It’s that time of year when I start poking around our network trying to update the various records that we keep of the various devices on our network. Unfortunately, we do not use any fancy network tools that automatically map our local network service to determine what machines are on the network. However, it’s not difficult to figure out at least a little bit of information and these are useful utilities to be familiar with. Here’s the process:
- Ping an address on your network.
- If you get a response, use the arp utility to find the mac address of the device that responded.
- Paste the first six digits of the mac address into a web page that will help you look up the manufacturer of the network card.
The image below describes the first part of this process on a Windows XP box. The process is similar on Linux or on Mac OS.
- Click on Start>Accessories>Command Prompt. This will bring up a DOS window.
- Once you’re in the command window, use ping to probe the address of interest: “ping xxx.xxx.xxx.xxx”. In the DOS world, this will automatically ping the target four times. If you’re running the command from Linux or from the Mac OS shell, it’s helpful to do “ping -c 4 xxx.xxx.xxx.xxx” to limit ping to four tries. Otherwise, you’ll need to hit Ctrl-C to stop the ping.
- Now that you’ve successfully pinged the host, you can check your arp cache for the mac address of the host. You do this by typing “arp -a”. Look for the address that you just pinged and make a note of the information in the “Physical Address” column. This is the mac address for the device.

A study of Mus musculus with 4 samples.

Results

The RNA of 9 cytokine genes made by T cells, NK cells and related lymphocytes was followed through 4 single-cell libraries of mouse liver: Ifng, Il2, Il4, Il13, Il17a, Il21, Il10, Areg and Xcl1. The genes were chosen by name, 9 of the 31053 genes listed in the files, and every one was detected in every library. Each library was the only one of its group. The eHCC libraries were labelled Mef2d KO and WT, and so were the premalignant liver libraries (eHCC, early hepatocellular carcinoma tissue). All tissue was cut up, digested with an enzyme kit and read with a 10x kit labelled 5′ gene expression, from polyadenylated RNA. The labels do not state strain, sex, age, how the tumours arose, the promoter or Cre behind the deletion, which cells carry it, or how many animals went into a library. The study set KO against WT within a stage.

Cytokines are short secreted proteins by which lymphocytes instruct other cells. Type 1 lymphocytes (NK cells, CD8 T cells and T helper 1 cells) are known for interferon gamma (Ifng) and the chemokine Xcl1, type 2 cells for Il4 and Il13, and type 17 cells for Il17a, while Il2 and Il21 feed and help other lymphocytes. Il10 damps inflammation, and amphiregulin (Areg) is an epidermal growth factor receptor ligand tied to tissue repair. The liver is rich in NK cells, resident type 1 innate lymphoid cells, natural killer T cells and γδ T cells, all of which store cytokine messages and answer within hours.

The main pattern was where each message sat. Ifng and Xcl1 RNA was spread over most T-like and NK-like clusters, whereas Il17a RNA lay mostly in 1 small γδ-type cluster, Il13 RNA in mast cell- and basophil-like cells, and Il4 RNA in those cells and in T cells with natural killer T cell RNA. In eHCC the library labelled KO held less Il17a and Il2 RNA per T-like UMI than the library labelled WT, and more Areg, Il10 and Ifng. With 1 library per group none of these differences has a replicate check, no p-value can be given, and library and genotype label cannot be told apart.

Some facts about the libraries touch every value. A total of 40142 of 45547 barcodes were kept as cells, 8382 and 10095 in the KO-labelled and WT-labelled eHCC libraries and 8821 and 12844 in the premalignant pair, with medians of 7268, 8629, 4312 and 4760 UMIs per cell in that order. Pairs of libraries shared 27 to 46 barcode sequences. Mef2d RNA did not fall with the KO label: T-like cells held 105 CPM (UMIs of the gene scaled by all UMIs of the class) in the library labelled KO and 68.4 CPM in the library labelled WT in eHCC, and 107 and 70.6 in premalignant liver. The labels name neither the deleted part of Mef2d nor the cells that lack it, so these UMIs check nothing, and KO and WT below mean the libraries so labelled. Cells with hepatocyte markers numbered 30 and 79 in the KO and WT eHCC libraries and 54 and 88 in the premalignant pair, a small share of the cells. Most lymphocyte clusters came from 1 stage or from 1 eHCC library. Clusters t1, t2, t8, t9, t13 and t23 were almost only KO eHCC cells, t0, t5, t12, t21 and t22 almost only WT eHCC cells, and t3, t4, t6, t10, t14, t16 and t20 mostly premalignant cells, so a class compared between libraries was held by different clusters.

The mac address is always presented as six two-digit hexadecimal numbers. In the DOS/Windows world, each pair of digits is separated by a dash. In Linux/OSX land, the pairs are separated by colons. In the example given, the three pairs of digits are “00-12-79”. These digits uniquely identify the manufacturer of the card. Now we need to go look them up.
The authoritative source is here: http://standards.ieee.org/develop/regauth/oui/public.html
As you can see from the screen capture, you need to enter the three pairs of digits with dashes in between them. In this example, we would enter 00-12-79 into the box.
It will search for a bit and then return the results. The image shows that the device was manufactured by Hewlett Packard, which may help us determine that it is an HP printer. Of course, things can get more complicated when you have systems (like Windows) that don’t respond to pings or those situations where the network card manufacturer is not the manufacturer of the device itself. For those situations, you may want to try out the fabulous nmap to help you sort out what or who is on your network.